Before Isabella’s Acquired Brain Injury (ABI), Christmas was a time filled with decorating and shopping. We would listen to and sing Christmas music; Isabella even had her own version of a few songs. We would stay up watching Christmas movies and go out at night to enjoy the Christmas lights. Our weekends were filled with Christmas parties and other gatherings. Christmas morning was the chaotic rush to open gifts followed by visits with family etc. Isabella loved Santa as long as she didn’t have to get close to him.
Since Isabella’s ABI, Christmas is very different. It is more thought out and planned. Everything is structured and organized. During the holiday season, life is kept as close to regular as possible. Isabella has significant memory deficits so I have spent the last few years, reintroducing Christmas to her. As each year passes, Isabella “gets” Christmas a little bit more. Our Christmas is no longer that crazy, chaotic time that it once was. We have had to make some major changes to help Isabella during the holidays. Some of these changes include:
1.) We stick to our schedule. With the excitement of the holiday it is very easy to get off track. Isabella needs structure and consistency. We have a visual schedule on the wall with all of our appointments and therapies. Bedtime and meals are the same every day. All Christmas activities are scheduled. This includes putting up our Christmas tree, decorating the windows etc. I DVR Christmas movies so Isabella can enjoy them at an hour that is reasonable for her. Spontaneous nights of light seeing, staying up late to watch Christmas movies and such are a thing of the past.
2.) Social stories are essential in preparing Isabella for Christmas. Social stories are written to describe a particular event. They are very detailed in what will happen, how it will happen and when. Isabella doesn’t do well with the unknown or unstructured activities. Those carefree Christmas mornings have given way to a very thought out and planned one.
3.) Less really is more. Isabella gets overwhelmed easily. Our Christmas decorating is limited to a Christmas tree. This year Isabella wanted to put decorations on the windows so we got the window clings. They are easily removed or covered by curtains. On Christmas morning, presents are opened in shifts. Isabella will open one, wrapping paper goes in the trash and the gift goes into my bedroom (to eliminate the sensory overload). Then Isabella can open another gift. When everything is opened then they all get put away. Nothing is left out under the tree. Even on Christmas the rule is still only one toy out at a time.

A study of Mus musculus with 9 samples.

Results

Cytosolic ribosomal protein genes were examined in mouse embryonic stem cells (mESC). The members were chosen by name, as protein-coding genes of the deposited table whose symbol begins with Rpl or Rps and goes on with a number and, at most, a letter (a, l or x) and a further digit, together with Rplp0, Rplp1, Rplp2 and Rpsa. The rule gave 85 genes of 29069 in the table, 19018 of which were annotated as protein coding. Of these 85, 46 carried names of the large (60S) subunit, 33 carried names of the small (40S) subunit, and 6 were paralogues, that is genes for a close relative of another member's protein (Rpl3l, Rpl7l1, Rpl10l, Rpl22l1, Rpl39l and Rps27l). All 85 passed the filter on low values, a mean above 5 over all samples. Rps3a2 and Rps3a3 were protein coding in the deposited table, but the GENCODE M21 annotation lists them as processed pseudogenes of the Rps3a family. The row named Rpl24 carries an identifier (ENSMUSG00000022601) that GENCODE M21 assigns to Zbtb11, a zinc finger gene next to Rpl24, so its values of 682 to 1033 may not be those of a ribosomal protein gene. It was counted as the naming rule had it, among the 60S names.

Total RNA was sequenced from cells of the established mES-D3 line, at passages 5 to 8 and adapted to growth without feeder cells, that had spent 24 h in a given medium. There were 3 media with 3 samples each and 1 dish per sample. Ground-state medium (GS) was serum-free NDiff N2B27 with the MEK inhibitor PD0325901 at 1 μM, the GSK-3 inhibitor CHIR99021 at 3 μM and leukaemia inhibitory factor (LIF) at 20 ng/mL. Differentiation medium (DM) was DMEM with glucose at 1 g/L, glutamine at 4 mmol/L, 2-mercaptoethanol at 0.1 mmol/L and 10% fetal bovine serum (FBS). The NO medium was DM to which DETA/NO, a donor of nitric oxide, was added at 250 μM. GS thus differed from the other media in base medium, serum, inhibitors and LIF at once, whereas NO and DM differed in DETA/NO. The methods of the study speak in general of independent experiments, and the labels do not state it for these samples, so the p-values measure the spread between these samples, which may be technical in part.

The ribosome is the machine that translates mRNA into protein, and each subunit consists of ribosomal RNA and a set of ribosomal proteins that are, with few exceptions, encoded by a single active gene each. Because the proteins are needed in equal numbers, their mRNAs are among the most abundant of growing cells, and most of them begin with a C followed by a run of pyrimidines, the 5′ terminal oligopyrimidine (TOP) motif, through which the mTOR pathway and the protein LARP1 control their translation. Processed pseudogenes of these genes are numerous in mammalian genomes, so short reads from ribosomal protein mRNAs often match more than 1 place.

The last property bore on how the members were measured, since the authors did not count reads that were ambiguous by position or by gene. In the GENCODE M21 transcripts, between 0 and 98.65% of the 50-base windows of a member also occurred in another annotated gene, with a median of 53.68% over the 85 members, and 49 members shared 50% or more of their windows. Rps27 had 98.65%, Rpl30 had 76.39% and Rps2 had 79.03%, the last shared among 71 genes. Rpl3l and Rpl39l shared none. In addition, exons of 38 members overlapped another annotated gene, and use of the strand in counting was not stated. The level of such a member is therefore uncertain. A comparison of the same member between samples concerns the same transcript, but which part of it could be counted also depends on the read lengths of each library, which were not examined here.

4.) Santa had to be adjusted. Post ABI, I was conflicted on how to handle Santa. Once Isabella mentioned Santa and she had an idea on who he was I decided to go with it. Isabella freaked out when she heard that Santa comes down a chimney and leaves presents under our Christmas tree. For a child who is filled with anxiety and hallucinations the thought of a “stranger” coming into the house terrified her. Once Isabella was able to verbalize that, Santa quickly became the person who “poofs” the presents into our house.
5.) Parties, holiday gatherings and family visits are on hold. Isabella is struggling with her day to day life. She has no ability to cope or adapt. These are not things that Isabella can handle. I miss my family and friends but I am not willing to sacrifice Isabella in the process. I am not going to set her up to fail and cause her to regress further. Since Isabella’s ABI, family and friends either mail gifts or drop them off when she is in bed asleep. This also allows me to visit with them while she is sleeping.
6.) Christmas shopping is done entirely online. At this time of year, the stores are absolute chaos. For a person with a brain injury who already has sensory overload, stores are a disaster waiting to happen. To eliminate this, we shop online. No babies crying, no perfume to smell, no loud music, no crowds, no long lines, no people talking too loud, no blinking Christmas lights etc.
While Christmas maybe very different from how it once was we make the best of what we do have. The true meaning of Christmas is what is important. The twinkle in her eyes as she talks about Santa, the magic in watching her decorate the Christmas tree and the excitement is what really matters. It is not about whom you are with, how many presents there are, what parties you attended, it is about enjoying the simple moments. Isabella is my Christmas miracle. I am truly blessed to have another Christmas with her.
Guest Blogger, Kristin Olliney, is the mother of 7-year-old Isabella, who suffered sudden acute encephalitis when she was just 4. Kristin’s bi-monthly blog, Mommy of a Miracle, talks about the trials and joys of raising a brain injury survivor.